GOLD RUSH 2021: The Time To Invest In Hospitality Is Now
The hospitality industry is on the road to recovery from pandemic-driven revenue losses — and the time to invest in the sector is now as more innovative companies streamline the way restaurants and meal delivery operators can maximize profits.
Virtual restaurants, curbside pickups, QR-code menus and contactless pickup and delivery are just some of the ways the industry is operating at the intersection of food and technology in the new normal. Hospitality-driven startups that tackle ways to automate production and delivery, reduce front-of-house costs and build up a businesses’ reputation and reach are becoming more appetizing to investors.
Indeed, investments in food-tech reached $8.4 billion in the first three quarters of 2020, according to Finistere Ventures. That’s up from $7 billion in 2019. Restaurant-tech startups have accelerated in recent months as a result of pandemic-fueled demand. Toast, a startup that sells point-of-sale software to restaurants for online ordering, went from a valuation of $4.9 billion in February before the pandemic hit to $8 billion at the end of 2020 by helping restaurants optimize their take out businesses.
Some of the most noteworthy companies in history, like Airbnb and Uber, started up after the Great Recession, and hospitality will be no different with services that can help owners and consumers adapt in the changing world. Who knows what the next unicorn will be?
Here are some of the most innovative industry concepts to watch:
Optimizing the guest experience to retain and grow customer base
Eighty-seven percent of full-service chain, franchise or independently-owned restaurants report an average of 36% drop in sales, according to data from the National Restaurant Association from December. That’s why now more than ever, owners are looking to rely on ways to optimize the guest experience to retain customers and increase their visits.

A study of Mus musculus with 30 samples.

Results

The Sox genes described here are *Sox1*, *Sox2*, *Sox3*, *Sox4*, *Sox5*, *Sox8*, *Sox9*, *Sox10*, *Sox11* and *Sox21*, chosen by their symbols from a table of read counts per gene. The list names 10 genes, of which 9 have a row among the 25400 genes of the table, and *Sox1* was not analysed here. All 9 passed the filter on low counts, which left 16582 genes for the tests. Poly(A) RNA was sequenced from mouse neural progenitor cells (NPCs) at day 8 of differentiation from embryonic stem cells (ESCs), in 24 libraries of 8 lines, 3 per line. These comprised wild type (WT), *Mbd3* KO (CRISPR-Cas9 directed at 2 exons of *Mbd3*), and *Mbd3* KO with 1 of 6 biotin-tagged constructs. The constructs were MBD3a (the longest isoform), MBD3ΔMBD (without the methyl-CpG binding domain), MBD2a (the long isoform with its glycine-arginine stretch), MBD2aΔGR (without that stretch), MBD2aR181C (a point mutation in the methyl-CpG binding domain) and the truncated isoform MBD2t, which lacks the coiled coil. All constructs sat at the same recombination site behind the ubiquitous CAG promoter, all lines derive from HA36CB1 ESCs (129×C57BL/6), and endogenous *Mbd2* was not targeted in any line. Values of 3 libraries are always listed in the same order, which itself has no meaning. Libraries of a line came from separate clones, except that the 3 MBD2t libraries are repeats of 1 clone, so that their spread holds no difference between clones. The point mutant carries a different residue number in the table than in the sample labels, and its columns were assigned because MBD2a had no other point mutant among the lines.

Startups like Ovation do exactly that, by giving restaurant operators feedback on how customers are feeling about things like third-party delivery service, pickups, and in-dining experiences managing a restaurant’s reputation online to ensure more five-star reviews ultimately boosting revenue.
Other socially-driven startups helping restaurants get the word out about their business include virtual ad agency Targetable, which generates paid Instagram and Facebook ads tailored to each business. This helps restaurants familiarize guests with their brands online and get them craving more.
The future of dining out is digital — that means QR codes and sleek digital menus in place of paper, and allowing guests to order food and pick it up themselves safely. Minnow is one company that’s helping to feed the need for contactless interactions with pickup pods that store food orders and keep them fresh until pickup. Customers simple scan their QR codes when they’re ready to pick up their orders, grab food and go.
Fifty-one percent of restaurants were using a ghost kitchen to manage orders as of May, 2020, according to Technomic Foodservice Impact Monitor. And as restaurants continue to rely on multiple third-party delivery services, many are having trouble keeping track of orders from multiple systems and tablets, whether it’s UberEats, DoorDash or others. Startups like Chowly are streamlining the process by integrating a restaurant’s POS with all online orders so owners can manage third-party menus in one organized place.
Building a bigger food service network
Restaurants are increasingly looking for new talent on the fly following COVID-19-related shutdowns. Now, more startups are using niche social networks to bring on and retain new employees. Clockedin, for example, operates as an on-demand staffing platform helping businesses fill open shifts. Alerts are sent out to a broad network of restaurant employees trained specifically for restaurant roles tailored to the brand to cut out the traditional onboarding process saving operators time and money.